When U.S. President Donald Trump officially launches his re-election campaign in Orlando, Fla., Tuesday night in front of a crowd of up to 20,000 supporters, he will be neither a favourite nor an underdog.
In fact, some experts say it’s pretty much a toss-up at this point whether Trump keeps his job or not.
“I’d put it at maybe 50/50,” said Kyle Kondik, managing editor of Sabato’s Crystal Ball, a non-partisan political newsletter produced at the University of Virginia Center for Politics.
On the surface, that assessment might seem generous.
Trump’s national approval rating hovers around 40 per cent. The only president since 1945 who had a lower approval rating at this stage of his first term was Jimmy Carter in 1977, and his re-election bid didn’t turn out so well.
That said, approval ratings aren’t always the best predictor of electoral success. According to the same analysis by FiveThirtyEight, President George H.W. Bush was sitting near 70 per cent at this point in his first term, only to be soundly defeated by Democrat Bill Clinton in 1992.
Internal polling produced by Trump’s campaign — and leaked in various media reports — shows Trump trailing potential Democratic nominees in crucial states. When it comes to a potential matchup with former vice-president Joe Biden, the situation looks especially bleak for the president. NBC reports that in Wisconsin, Pennsylvania, Florida and Michigan, Trump trails Biden by double digits. The president has dismissed the polls as “fake,” but he appears rattled. The campaign fired three pollsters, reportedly because Trump was unhappy with the leaks.
But don’t go ruling Trump out at this early stage. And not just because Trump was underestimated in 2016 and no one wants to make that mistake again.
In order to win, Trump needs to keep or expand his base in key states that he won narrowly in 2016. It’s a tall order, but there are several important factors that could propel Trump to a second victory despite his relative unpopularity.
Not least of which is the fact that he has the job already. Incumbency is powerful, especially when a sitting president presides over a decent economy in a time of relative peace.
“Those are the sorts of conditions suggestive of an incumbent president that should be able to win re-election,” Kondik said.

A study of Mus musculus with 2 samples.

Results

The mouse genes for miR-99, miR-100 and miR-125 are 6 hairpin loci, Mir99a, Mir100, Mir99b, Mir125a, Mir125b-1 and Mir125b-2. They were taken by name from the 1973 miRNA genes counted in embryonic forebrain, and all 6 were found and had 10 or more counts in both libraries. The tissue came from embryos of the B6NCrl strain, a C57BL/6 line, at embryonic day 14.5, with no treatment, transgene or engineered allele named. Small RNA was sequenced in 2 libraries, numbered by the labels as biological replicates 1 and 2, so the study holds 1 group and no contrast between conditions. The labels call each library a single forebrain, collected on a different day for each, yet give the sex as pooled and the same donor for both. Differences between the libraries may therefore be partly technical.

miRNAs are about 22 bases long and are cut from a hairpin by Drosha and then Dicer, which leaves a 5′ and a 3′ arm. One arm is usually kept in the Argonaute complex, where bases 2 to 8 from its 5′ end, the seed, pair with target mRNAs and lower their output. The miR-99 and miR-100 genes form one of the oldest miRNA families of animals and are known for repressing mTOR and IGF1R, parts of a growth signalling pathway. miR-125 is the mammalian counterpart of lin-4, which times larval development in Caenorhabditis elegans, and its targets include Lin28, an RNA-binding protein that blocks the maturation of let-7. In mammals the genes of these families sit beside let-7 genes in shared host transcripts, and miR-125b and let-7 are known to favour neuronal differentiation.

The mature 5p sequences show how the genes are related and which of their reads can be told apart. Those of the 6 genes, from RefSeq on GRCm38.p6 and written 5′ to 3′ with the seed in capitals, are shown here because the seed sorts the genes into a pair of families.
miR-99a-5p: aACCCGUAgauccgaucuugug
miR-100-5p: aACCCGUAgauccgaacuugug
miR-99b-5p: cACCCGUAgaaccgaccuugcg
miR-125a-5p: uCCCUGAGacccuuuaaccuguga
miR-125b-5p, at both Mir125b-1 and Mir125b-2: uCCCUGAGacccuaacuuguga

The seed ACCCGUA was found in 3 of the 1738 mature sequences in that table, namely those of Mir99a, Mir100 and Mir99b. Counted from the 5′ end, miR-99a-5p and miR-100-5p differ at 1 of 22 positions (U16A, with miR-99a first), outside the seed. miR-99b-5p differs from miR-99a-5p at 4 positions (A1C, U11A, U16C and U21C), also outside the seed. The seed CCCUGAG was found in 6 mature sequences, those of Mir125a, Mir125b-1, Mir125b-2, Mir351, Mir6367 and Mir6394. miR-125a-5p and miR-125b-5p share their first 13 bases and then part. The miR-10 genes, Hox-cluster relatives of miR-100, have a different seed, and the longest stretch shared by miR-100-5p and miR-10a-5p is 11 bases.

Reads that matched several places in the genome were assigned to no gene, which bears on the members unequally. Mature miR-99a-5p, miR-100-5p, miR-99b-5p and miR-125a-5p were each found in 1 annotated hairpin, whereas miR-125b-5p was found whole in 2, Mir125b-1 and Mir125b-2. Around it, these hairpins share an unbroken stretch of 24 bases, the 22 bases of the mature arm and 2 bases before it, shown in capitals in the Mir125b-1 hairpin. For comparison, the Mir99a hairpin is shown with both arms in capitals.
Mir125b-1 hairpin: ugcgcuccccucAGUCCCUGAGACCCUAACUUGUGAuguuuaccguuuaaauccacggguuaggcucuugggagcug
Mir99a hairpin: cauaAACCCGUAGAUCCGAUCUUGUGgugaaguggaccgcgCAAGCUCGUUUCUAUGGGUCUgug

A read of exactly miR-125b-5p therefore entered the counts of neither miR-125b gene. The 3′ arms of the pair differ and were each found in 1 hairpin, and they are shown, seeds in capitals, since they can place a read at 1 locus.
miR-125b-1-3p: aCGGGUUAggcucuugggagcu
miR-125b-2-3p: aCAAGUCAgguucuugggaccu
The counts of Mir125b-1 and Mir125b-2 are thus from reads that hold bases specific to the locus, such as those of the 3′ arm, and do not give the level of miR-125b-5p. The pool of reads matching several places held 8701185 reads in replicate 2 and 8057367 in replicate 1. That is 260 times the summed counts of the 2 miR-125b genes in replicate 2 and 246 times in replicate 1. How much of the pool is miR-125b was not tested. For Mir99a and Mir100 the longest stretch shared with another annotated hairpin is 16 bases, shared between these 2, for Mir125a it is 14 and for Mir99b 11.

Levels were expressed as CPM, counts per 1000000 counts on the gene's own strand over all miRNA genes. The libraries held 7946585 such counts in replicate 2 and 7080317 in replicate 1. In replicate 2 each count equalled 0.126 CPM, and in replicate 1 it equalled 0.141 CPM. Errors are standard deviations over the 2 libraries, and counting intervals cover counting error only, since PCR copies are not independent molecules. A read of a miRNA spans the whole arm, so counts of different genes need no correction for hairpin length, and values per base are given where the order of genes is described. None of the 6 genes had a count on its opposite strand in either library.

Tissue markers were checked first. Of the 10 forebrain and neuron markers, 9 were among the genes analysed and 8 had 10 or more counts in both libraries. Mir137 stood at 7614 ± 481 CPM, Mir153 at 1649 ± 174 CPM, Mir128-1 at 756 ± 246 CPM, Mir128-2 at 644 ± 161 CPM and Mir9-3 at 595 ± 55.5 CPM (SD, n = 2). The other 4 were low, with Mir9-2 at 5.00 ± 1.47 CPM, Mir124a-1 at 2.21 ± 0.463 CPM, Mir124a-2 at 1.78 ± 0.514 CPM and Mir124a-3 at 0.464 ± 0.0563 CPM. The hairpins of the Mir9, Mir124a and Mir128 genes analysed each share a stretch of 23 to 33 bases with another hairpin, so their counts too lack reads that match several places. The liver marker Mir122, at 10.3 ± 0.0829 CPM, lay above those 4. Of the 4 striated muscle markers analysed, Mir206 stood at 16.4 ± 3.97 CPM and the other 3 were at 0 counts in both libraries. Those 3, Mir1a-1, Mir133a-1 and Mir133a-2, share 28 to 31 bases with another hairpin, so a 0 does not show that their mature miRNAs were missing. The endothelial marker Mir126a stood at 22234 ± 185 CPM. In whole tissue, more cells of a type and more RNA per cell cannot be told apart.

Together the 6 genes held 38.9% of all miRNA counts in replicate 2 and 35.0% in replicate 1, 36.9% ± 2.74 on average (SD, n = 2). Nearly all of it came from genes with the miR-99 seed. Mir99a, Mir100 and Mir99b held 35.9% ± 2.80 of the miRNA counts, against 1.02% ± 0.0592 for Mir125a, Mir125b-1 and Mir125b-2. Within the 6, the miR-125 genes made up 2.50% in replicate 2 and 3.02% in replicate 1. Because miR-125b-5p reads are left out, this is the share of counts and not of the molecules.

For the most part, Americans feel good about the economy, according to Christopher P. Borick, director of the Muhlenberg College Institute of Public Opinion in Allentown, Pa., citing low unemployment as a particularly bright spot.
But Borick says that economic confidence is uneven in places like Pennsylvania. Voters working in industries that have been negatively affected by Trump’s tariff-fuelled trade war with China, including some in the manufacturing sector, for example, may be less inclined to support the president.
“There are concerns when we ask about tariffs. They are not popular generally,” Borick said.
But overall, he says, the economy is a strength for the president.
A head start
Another strength for Trump’s re-election bid is organization.
Back in 2016, Trump didn’t have the full support of the Republican Party. Now he does. That means armies of volunteers collecting troves of data.
Politico reports the Trump campaign already has boots on the ground in nine key regions.
The campaign has also already amassed a war chest of more than $40 million, with cash from the Republican National Committee doubling the total.
And, as Borick put it, “Money always matters.”
According to the New York Times, Trump has already spent $5 million on Facebook advertising alone. That’s more than any of the Democratic hopefuls, who are busy competing against each other for donation dollars to be spent trying to win their party’s nomination. Meanwhile, Trump has Republican wallets locked up and only needs to worry about spending in the general election.
Trump has media on his side, too — some of it, anyway.
Trump-friendly coverage on Fox News and conservative talk radio is largely preaching to the converted, and probably won’t bring the president many new voters. But supporters who rely on those sources may be sheltered from negative stories about the president during the campaign, Kondik said.
“If there are negative developments that emerge about the president, maybe some of his supporters are not so likely to see those developments, or see them spun in a positive light.”
Waiting for a rival
A lot can happen in 17 months. Economies can tank, peace can be broken — especially when a country is in a trade war with China and in an increasingly tense confrontation with Iran. Democrats could start an impeachment process — something the party’s leadership has been reluctant to do, partially because they fear the spectacle could boost the president’s re-election chances.
Perhaps the biggest factor we don’t know when evaluating Trump’s chances of winning re-election is who he will be running against. There are 23 candidates vying for the Democratic nomination and it could be close to a year before we know who comes out on top.
If Trump runs against either Sen. Elizabeth Warren or Sen. Bernie Sanders, expect him to paint his Democratic opponent as dangerously to the left and bent on taking America on a path toward socialism. And we’ve already gotten a taste of how Trump would combat Biden, mocking the 76-year-old as “weak mentally” and saying that “he acts and looks different than he used to.”
Another thing we don’t know is how engaged Americans will be after several years of relentless White House drama.
This is a country suffering from political fatigue, Borick said.
“Those who hate president Trump or love president Trump will probably rally around their respective camps,” he said. “But for those who are in the middle, how this period wears on them and what it means for their engagement is going to be important.”